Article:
Now for the rest of the Hanna adventure…I’ve been away for a couple of days due to some bug going through the house. It wiped me off my feet!
Back to my story… the water rose and one would think that was enough excitement for a day.
When approximately 140 mm of rain falls you need to expect anything. Anything at all.
For instance after the rain finished falling I assumed that everything was done – except perhaps the water level of the lake. Ha! Take a look at this…
A clump of land with grass floated into view! The creek empties into the lake 2 lots north of us and that creates a current in the lake. Wherever this thing broke off from it got caught in the current and started on its journey across the lake.
Guess where it went?
Directly? Without passing go?
What were the chances of THAT? I watched it travel directly across the lake as though some invisible cable pulled it over! Maybe a disgruntled beaver from the dam pushed it over to make a point? I know boaters in canoes or kayaks always paddle over to dam and explore it… maybe the critter blames us? (Actually this is just our kind of Irish luck)
Hubby hopped into the kayak to see what exactly that thing was.
It was as it appeared. A clump of grass and soil. Heading out on its own personal adventure.
Figuring all the weird things were finished we carried on with our day. That’s not to say it was restful or fun by any means. During the storm our backwater valve worked. So the sewage stayed OUT of the house.
But the valve stayed shut for a time.
A long time.
Longer than we thought.
Someone used our toilet.
And flushed it.
When the valve was still shut.
There was nowhere for the stuff to go….
but back up through the shower in the downstairs bathroom.
The rest of the family drove over to Nanna’s house to use their perfectly usable toilet with a working flush and drain and then returned home with a bottle of bleach.
No rest for the wicked.
Okay, so now THAT was done. Time to rest. A good thing too because poor hubby was feeling very under the weather with a nasty bug son brought home from school.
Har har har.
See the dock?
well, most days it is beautiful…
And mused out loud that the water level must have gone down because ~ LOOK ~ the dock is back to normal!
Guess what that means?
Let me help you in case you’re stumped. It means the dock is floating….as in it is lifted completely off the lake floor and can float away….
Husband and daughter set out on a rescue mission.
Stepping gingerly they headed out to the dock. If they aren’t careful they will walk off the narrow strip of land that goes out to the dock and then they will suddenly step into cold, chest-high water.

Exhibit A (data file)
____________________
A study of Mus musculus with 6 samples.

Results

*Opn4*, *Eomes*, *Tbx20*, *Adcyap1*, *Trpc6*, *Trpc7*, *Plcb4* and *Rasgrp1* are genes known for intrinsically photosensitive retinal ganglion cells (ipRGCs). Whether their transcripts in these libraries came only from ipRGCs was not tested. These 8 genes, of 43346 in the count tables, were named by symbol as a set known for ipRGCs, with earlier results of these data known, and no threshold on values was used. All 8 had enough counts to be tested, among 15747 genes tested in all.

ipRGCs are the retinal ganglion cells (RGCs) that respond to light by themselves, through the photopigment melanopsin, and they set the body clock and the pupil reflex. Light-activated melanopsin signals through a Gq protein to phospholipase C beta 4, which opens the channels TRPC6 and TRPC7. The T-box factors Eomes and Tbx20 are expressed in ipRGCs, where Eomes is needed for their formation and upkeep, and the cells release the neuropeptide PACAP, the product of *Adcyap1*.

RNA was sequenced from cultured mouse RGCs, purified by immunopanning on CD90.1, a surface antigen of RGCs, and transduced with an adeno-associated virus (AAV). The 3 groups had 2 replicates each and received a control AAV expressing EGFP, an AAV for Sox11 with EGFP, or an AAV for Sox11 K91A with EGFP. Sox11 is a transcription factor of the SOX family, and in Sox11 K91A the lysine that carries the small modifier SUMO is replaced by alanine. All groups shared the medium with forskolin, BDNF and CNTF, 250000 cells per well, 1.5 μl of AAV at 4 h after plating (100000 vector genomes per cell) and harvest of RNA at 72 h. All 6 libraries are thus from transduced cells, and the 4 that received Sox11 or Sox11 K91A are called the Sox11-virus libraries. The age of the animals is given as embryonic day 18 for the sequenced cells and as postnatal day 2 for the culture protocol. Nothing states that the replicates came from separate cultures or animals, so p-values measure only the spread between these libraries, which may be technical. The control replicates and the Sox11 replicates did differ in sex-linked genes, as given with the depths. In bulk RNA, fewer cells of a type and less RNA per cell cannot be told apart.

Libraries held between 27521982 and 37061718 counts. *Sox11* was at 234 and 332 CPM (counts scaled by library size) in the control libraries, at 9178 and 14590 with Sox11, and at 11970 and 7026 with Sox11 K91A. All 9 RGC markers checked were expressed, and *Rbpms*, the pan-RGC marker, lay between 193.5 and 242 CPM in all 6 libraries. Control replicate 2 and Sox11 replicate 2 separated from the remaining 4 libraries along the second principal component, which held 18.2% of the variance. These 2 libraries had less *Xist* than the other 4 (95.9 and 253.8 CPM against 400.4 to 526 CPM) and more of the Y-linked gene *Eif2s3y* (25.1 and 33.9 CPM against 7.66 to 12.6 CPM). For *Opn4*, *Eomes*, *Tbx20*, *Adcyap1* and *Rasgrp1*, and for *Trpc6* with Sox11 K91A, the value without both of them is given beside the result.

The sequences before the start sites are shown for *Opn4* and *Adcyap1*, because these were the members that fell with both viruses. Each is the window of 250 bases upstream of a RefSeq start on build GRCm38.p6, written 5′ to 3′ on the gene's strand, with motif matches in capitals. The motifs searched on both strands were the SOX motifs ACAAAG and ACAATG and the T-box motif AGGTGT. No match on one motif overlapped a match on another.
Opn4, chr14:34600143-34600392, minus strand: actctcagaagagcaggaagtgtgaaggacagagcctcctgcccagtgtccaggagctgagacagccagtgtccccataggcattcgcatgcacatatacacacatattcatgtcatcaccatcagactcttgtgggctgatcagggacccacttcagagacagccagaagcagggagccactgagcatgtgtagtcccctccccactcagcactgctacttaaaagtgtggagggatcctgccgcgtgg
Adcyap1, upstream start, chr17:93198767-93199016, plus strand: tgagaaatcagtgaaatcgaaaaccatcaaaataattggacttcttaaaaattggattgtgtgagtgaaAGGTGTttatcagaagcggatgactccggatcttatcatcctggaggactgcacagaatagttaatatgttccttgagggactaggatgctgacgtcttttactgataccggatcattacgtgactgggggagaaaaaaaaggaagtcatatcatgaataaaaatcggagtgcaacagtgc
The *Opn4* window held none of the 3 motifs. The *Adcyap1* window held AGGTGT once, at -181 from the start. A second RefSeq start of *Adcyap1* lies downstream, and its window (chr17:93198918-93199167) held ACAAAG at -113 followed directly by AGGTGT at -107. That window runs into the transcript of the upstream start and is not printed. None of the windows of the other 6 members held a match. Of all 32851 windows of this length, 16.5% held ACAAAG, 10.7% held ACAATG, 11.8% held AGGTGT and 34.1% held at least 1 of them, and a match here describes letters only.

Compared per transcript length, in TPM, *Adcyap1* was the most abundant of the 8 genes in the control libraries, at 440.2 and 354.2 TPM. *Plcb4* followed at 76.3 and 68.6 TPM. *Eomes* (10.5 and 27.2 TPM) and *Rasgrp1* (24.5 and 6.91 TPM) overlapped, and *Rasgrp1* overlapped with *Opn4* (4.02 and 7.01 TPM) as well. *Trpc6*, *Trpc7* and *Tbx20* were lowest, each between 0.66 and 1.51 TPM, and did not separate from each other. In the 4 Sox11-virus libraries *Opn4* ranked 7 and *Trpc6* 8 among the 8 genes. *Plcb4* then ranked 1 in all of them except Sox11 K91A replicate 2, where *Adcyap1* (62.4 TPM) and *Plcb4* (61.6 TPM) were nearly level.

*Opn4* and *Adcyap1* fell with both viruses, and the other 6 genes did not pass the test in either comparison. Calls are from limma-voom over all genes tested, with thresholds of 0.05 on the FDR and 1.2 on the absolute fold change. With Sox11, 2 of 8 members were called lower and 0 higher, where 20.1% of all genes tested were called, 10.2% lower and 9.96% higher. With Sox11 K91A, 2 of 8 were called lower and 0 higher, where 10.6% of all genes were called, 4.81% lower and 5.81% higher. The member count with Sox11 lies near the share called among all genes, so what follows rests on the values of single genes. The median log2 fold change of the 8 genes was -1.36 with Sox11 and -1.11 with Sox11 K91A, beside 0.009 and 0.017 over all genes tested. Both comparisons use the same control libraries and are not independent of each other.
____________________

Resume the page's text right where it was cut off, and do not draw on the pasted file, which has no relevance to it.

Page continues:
Leaving a blue rope tied to a little tree behind me (on dry land), the two of them tie the other end to a corner of the raft.
Bit by bit they are venturing into deeper water. It is almost up to their waists. That is runoff water from the town’s streets and it is cold.
Just the thing for someone who is sick!
Moving the raft isn’t as simple as it looks. At the front end there is metal posts and a panel attached to the dock. These metal pieces are what kept the dock sitting on the lake bed. It made the dock extremely heavy which is why Hubby and daughter are huffing and puffing.
As shown in the above photo, I pulled on the blue rope while they picked up the dock. We managed to pull it quite far towards the lawn. This is where we left it – it looks like some kind of launch for the lake now!
The storm water drainoff swept debris into our cove and here you can see Husband removing it. People use the lake with jet skiis as well as kayaks and canoes. These odd bits of junk float out into the lake and pose a threat to anyone not paying close attention to what they are doing. To reduce the risk of something happening we take out stuff that floats into our wee cove.
After this Husband went inside to shower and change. He ended up sick in bed for the next 2 days, helped in no small part by the cold water and strenuous exercise.
The nearby city on the coast sustained much flooding and damage to many roads as a result of Hanna’s leftovers. Daughter and I tried to drive into the city the same night as these pictures were taken but getting in posed too much of a problem. Many major streets and some routes into the city were closed because of water levels and indeed, some roads were partially washed out.
As I write this, Hurricane Ike is heading towards Texas. The destructive force of an actual hurricane, complete with high winds, is devestating. We had a lot of rain but very little wind or else this area would have been in much rougher.
Our thoughts go out to the people along the Gulf Coast who are shoring up their homes and businesses in preparation for Ike.